Buying your first home isn’t the type of decision that’s made overnight. It’s not something that suddenly pops into your head so you head out the door and start visiting open houses. Instead, it’s a thought that gradually creeps into your head over time. Maybe it was a coworker who keeps talking about the new home their family just bought. Perhaps you’re paying more attention to the advice you get from your parents and friends. After all, there doesn’t seem to be any shortage of “rent vs. buy” articles on the internet, is there? And don’t they all seem to end up telling you that buying is better than renting? That rent is doing nothing more than throwing your money away each month, making the mortgage payments for your landlord instead of becoming a homeowner and building equity. The math almost always favors buying. Learn more about what first time buyers should expect.
Once you have finally come to the decision to stop the rent cycle and buy a first home, you’ll be sharing some of the feelings that other first time buyers felt when they went through the very same process. Financial planning, calculating monthly payments and figuring out what you can afford. Whether you’re buying a condo somewhere in Miami or you’ve got your heart set on a single-family home in Jacksonville, there’s quite a bit of preparation and planning ahead of you. But to help out with this preparation process, here are a couple of tips you need to know about when embarking on your very first home search.
You’re the Boss
First, understand that you’re the boss. Once the word gets out that you’re getting ready to buy your first home, suddenly you’ll be getting referrals from friends about the real estate agent they used or how they found their first home. Maybe you’ve already called up a real estate agent that’s also a friend of yours and let that agent know you’re thinking of buying. Someone at work has a spouse that’s a real estate agent so you think it’s a good idea to talk to that agent as well. In fact, you really should interview more than one real estate agent, regardless of any current or previous referrals. Just because your coworker knows an agent doesn’t mean that’s an automatic fit for you.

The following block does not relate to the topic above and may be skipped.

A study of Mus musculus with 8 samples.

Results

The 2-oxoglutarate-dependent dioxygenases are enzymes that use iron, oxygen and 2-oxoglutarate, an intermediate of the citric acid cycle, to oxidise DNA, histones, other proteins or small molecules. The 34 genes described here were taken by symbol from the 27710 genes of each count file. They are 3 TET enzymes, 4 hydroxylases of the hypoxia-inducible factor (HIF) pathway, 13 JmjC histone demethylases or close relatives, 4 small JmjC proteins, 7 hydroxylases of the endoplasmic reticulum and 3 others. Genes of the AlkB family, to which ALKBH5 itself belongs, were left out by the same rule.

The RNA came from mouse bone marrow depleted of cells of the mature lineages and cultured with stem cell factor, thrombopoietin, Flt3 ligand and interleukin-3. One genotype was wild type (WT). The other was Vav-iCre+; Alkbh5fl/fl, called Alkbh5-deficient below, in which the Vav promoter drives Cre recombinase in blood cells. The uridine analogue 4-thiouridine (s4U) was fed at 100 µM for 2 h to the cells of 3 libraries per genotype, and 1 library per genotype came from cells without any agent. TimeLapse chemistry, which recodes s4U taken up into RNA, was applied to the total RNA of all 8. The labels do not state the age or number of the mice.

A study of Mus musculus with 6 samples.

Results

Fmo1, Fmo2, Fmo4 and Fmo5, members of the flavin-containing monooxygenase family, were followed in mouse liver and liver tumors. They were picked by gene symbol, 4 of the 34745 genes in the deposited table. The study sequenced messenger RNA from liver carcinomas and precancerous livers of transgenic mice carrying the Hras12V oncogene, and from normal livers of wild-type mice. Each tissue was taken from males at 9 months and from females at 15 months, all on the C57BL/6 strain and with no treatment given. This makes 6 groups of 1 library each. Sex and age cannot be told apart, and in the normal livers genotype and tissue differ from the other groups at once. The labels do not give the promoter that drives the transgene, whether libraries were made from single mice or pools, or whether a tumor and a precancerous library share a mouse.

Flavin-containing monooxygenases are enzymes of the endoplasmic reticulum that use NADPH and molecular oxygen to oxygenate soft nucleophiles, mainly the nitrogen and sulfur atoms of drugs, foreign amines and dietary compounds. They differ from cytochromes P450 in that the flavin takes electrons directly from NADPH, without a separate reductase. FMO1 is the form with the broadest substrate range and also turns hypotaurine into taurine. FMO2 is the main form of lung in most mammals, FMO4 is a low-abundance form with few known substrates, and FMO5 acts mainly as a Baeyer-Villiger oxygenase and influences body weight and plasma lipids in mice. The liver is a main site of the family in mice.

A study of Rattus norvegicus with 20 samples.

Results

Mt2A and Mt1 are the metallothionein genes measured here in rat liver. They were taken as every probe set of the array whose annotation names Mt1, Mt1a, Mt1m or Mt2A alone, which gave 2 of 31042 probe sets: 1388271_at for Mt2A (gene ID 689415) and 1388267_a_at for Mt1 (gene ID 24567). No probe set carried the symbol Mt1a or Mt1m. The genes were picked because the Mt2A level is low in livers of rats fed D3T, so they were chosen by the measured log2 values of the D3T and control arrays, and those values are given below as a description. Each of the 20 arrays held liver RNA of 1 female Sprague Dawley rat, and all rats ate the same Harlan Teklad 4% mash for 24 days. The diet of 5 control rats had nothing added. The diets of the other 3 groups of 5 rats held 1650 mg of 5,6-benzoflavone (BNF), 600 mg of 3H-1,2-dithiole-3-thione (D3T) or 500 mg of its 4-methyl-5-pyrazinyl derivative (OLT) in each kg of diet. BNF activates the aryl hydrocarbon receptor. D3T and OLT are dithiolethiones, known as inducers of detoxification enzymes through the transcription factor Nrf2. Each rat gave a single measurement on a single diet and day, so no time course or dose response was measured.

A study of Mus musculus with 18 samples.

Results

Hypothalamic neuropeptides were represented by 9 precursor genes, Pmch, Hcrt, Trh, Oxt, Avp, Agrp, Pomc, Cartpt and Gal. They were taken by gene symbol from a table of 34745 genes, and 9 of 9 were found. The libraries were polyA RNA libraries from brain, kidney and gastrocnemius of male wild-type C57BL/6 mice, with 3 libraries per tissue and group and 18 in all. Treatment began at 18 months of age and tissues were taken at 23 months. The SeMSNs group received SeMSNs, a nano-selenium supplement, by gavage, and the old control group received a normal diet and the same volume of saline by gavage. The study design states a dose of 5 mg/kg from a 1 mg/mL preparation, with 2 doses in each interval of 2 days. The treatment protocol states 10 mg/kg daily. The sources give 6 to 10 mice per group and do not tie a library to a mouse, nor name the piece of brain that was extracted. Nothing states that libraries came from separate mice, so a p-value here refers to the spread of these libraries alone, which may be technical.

When buying your first home, financing will also be on the top of your list. There’s no doubt you’ve already gone online and tried out a few of mortgage calculators to see what type of monthly payments you might have with different loan programs and different loan amounts. And hey, you’ll need insurance too so it’s time to give your insurance agent a call and start that process as well. The real estate agent, your lender and your insurance agent are just three of many players who will touch some part of your transaction.
Once you’ve decided to take the leap and talk to your mortgage loan officer, be prepared for no shortage of advice. These various third parties are professionals in their respective field and they’re there to provide advice and answer your questions along the way. At some stage, it’s possible you’ll be getting so much advice that it’s starting to get a little bit out of control.
Just remember this- you’re the boss. No one gets paid a dime unless you buy that home. Don’t let the process of buying your first home be intimidating. Granted, that may be easier said than done because buying a home means there’s a lot of plate-spinning going on. When things get overwhelming, step back and have everyone just slow down a little.
And in light of “being the boss,” remember that it’s you who will be making the mortgage payments from now on, not your agent or loan officer. If you want to buy a home in the suburbs or rural, that’s your decision. If you’re looking at buying into an area with the best public schools, that’s completely up to you. Don’t let someone else talk you into moving somewhere or taking out a particular type of mortgage that you’re not comfortable with.
Here’s a good example of that. Let’s say that you spoke with your loan officer and after a phone call you found out that you could qualify for a mortgage payment of $3,000 which includes amounts for taxes and insurance. That works out roughly to a loan amount just north of $400,000. But over the past few years, your monthly rent payments have been closer to $2,000. $3,000 seems like such a leap from $2,000. That’s a 50% increase in housing payments.
Instead of buying the maximum amount you can qualify for, maybe staying in the mortgage payment range you’ve been paying. Maybe you’ve decided the maximum payment you’d like to have each month is something closer to $2,300 total for a loan amount around $330,000. There’s no reason to borrow the most you can qualify for. If writing a check each month for an amount that makes you a little nervous, then don’t. Buy and finance a home where you want to live in the price range that you want to buy.
When first speaking with your loan officer, relate how much you’d like your monthly payments to be instead of just how much you can qualify for. That gives your loan officer more information to work with. You’ll be provided with a comfortable monthly payment and a loan amount in addition to a maximum qualifying loan amount. What you can qualify for and what you’re comfortable paying each month can be two different things.
Remember, once your loan closes and the settlement agent hands over the keys, everyone else involved in the process is on to the very next deal. A successful loan officer will have anywhere from 10 to 20 or even more deals close each and every month, while you are likely to own maybe three or possibly four different homes over your lifetime.
First time buyers that have questions can call us 7 days a week at ph: 904-810-2293 or just submit the Quick Request Form at the top of this page to get started!